Meningitis / Encephalitis In DogsBack to Medical Resource Library
Filed Under: Neurology
MENINGITIS/ENCEPHALITIS IN DOGS
Meningitis is a term that is used to mean swelling and inflamation of the nervous system. The term encephalitis and meningitis are usually used to mean the same thing. Meningitis is one of the most frequently diagnosed Neurological diseases in dogs. Unlike meningitis in people, it is usuall NOT from a bacterial infection, and it is usually NOT contagious.
The most common forms of meningitis seen in dogs are immune mediated ones, in which the immune system attacks the body's own cells, causing inflammation and swelling of the nerves. In this case, the onset of meningitis is spontaneous, and is not something that is caused by outside factors, such as diet or environment.
The most common type of meningitis that occurs in dogs is the immune mediated disease, GME, which stands for granulomatous meningoencephalitis. The symptoms of GME vary a lot, depending on which part of the nervous system is affected the most. Dogs may have seizures, or may experience loss of balance or equilibrium, or weakness in their legs. Some dogs with GME suffer from seizure pain.
The treatment for GME and most types of meningitis in dogs is aimed at suppressing the abnormal immune response that is the underlying cause of the disease, and decreasing inflammation of the nerves. The treatment that is most effective for this is steriod therapy at high doses. Usually prednisone is used. Sometimes, additional medications are also prescribed, and may work synergistically with prednisone, or help to allow use of a smaller does of prednisone, so that its side effects can be minimized. Occassionally, in Patients that have the focal form of GME, radiation treatment may be used.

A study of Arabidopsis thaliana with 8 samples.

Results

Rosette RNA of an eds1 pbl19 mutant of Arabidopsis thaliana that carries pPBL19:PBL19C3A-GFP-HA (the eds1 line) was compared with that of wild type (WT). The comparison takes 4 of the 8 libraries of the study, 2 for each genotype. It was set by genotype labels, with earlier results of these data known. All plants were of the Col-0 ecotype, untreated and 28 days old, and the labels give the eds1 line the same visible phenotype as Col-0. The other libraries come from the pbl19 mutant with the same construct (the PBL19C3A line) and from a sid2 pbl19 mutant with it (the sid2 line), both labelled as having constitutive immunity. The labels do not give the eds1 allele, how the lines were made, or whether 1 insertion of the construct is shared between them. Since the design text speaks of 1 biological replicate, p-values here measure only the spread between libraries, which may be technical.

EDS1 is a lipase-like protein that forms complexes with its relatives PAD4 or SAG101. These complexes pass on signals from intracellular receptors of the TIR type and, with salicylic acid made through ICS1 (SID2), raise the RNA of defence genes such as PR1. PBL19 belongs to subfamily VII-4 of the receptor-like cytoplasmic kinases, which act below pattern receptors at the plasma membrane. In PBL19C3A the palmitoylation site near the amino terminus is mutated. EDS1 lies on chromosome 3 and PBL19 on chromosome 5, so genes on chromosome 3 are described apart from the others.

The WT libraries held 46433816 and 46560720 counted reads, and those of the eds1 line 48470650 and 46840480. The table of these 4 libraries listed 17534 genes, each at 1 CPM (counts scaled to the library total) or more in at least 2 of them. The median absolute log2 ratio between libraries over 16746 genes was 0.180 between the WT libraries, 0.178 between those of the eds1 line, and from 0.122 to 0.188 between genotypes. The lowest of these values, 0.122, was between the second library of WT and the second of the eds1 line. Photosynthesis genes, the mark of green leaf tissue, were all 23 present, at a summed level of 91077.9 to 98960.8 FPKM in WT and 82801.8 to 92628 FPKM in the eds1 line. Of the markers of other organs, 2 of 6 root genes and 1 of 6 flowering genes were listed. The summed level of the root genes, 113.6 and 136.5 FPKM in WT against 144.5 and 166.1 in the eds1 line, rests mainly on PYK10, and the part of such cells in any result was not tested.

Unfortunately, meningitis in dogs is rarely curable. It is treatable, and in the short term, Patients may improve and their symptoms may be controlled with medication. Most Patients need to remain on medication long term. However, relapse is common, and ultimately, meningitis can be fatal in many dogs.
The diagnosis of GME or other forms of meningitis is usally made with a combination of spinal fluid analysis and imaging. Sometimes, additional tests or titers are also performed.
Other uncommon causes of meningitis in dogs includes rickettsial (tick born) infections, such as Ehrlichia or Rocky Mountain spotted fever; protozoal infections; such as Toxoplasmosis; fungal infections such as aspergillosis or coccidioides (Valley Fever); or viral infections, such as distemper virus.
The only contagious form of meningitis seen in dogs is caused by distemper virus infection. Although it can happen in any dog at any time, it is most common in very young, unvaccinated puppies that are in an environment with a lot of other puppies, or in Patients with an impaired immune system.